I’m trying to improve my running stride, and become more of a mid to fore-foot striker as opposed to a heel striker. I run in Vibram FiveFingers every now and then, but since I’m training for another Ironman next year, and my first ultra-marathon in December, I also run in “normal” running shoes for most of my miles. I worry about putting too much load on my feet training in just the Vibram’s.

While running today in my normal shoes (Mizuno Waverider’s) I made a conscious effort to improve and focus on my stride. After watching a series of videos, including this clinic by Terra Plana and some videos by Newton running shoes on Youtube, I’ve decided that regardless of the shoe that I wear, I can be in control of my form if I pay more attention to it. It will take some adaptation time before it becomes second nature. I haven’t purchased Newton’s yet, but here is a good video on some running form basics (ignore the marketing pitch and cheesy music!):

I focused on the following while running today:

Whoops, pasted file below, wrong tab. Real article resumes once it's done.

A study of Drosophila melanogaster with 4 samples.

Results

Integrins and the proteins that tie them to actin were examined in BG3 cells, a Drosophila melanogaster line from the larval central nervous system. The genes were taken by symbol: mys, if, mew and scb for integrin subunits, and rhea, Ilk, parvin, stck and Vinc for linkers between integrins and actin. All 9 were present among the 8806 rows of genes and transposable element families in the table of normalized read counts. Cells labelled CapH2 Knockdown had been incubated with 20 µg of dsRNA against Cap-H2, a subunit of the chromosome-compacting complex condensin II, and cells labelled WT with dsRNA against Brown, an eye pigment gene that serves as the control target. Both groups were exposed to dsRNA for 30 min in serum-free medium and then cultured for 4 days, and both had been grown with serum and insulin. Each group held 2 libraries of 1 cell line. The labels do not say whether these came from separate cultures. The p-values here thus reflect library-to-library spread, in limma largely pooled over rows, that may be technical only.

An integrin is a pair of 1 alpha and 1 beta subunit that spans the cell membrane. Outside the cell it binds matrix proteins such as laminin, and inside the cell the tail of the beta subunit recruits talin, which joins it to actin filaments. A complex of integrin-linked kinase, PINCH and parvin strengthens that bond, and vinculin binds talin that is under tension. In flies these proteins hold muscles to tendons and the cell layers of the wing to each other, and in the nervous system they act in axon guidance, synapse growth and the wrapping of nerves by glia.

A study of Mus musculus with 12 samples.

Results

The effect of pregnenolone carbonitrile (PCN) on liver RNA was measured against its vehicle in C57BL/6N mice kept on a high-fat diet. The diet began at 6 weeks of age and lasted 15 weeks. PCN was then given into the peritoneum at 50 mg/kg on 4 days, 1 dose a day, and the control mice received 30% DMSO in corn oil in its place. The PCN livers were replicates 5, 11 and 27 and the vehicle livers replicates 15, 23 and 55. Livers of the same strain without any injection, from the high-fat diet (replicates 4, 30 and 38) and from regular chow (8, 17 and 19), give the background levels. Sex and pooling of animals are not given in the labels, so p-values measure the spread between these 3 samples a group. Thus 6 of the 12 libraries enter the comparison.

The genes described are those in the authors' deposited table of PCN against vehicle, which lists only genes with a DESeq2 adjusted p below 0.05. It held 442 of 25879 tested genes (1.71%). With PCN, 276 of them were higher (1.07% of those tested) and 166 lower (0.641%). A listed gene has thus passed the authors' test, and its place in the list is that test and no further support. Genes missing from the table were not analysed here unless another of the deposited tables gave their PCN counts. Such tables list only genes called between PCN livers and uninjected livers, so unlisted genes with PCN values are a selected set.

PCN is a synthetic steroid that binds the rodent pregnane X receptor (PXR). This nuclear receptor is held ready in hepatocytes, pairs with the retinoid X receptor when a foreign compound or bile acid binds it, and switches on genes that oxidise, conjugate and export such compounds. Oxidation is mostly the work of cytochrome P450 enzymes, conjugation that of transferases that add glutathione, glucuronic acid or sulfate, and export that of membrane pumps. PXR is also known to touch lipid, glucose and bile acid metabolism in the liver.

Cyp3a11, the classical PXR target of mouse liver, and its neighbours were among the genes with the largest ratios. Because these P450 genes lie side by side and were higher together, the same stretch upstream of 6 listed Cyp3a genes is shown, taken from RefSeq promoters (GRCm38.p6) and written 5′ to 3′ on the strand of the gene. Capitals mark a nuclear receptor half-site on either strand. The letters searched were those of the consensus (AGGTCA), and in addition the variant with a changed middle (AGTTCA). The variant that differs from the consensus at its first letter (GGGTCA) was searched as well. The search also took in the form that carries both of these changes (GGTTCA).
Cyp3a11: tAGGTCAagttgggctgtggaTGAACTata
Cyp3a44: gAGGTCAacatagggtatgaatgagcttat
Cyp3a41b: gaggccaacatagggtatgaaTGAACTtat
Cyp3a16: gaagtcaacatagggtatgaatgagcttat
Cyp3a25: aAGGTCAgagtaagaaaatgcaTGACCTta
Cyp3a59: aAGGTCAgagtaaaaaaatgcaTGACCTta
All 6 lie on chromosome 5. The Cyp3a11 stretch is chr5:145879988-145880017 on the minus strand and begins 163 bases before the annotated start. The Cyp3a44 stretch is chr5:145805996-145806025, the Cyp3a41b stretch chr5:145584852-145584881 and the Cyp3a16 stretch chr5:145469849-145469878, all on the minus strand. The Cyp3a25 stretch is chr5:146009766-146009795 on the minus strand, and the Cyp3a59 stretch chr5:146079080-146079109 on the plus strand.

• Taking shorter strides (I’d estimate about 30% shorter)
  • Having a faster turnover of my legs (at least 30-50% faster)
  • Touching down lightly on my forefoot with each step
  • Landing with most of my weight/load on my mid-foot (after the forefoot hits)
  • Using more of my core and hips to move me forward as opposed to calves/legs
  • Gazing forward (about 20 yards)
  • Relaxing my shoulders and pulling them back a little (so my chest is open and not hunched)
  • Slight tuck of the tailbone
  • Slight lead forward at the hips (very subtle)

This seems like a lot to keep track of, but it was very simple. It took some mindfulness, but I noticed a big difference. My feet were more tired than normal and I think in general it took more energy to run like this, but I’m assuming this is just adaptation at work. Once I get all the little muscles in my feet working properly and the posture becomes more natural, I’m hoping that the effort should become more effortless.


  1. Katheryn says:

    Hi! I admit I smirked when I first read the title of this entry, but after I finished reading and watching the video, I was suddenly intrigued about my own running form. I have never liked running because it puts so much impact on my shins, and even though at one point I almost thought I could relate to the “runner’s high”, the impact was too much for me to stick with running (since then, I have been finding ashtanga more rewarding : ) ). But now, I have given this “natural” form a try and it really does seem to help. I guess I’ll give running a second chance : )
    Thank you!

  2. 1972roses says:

    I found that after running completely bare (No VFFs) that I quickly learned how to run and walk in shoes with a mid-foot strike. I run in VFFs often but completely bare really helped me.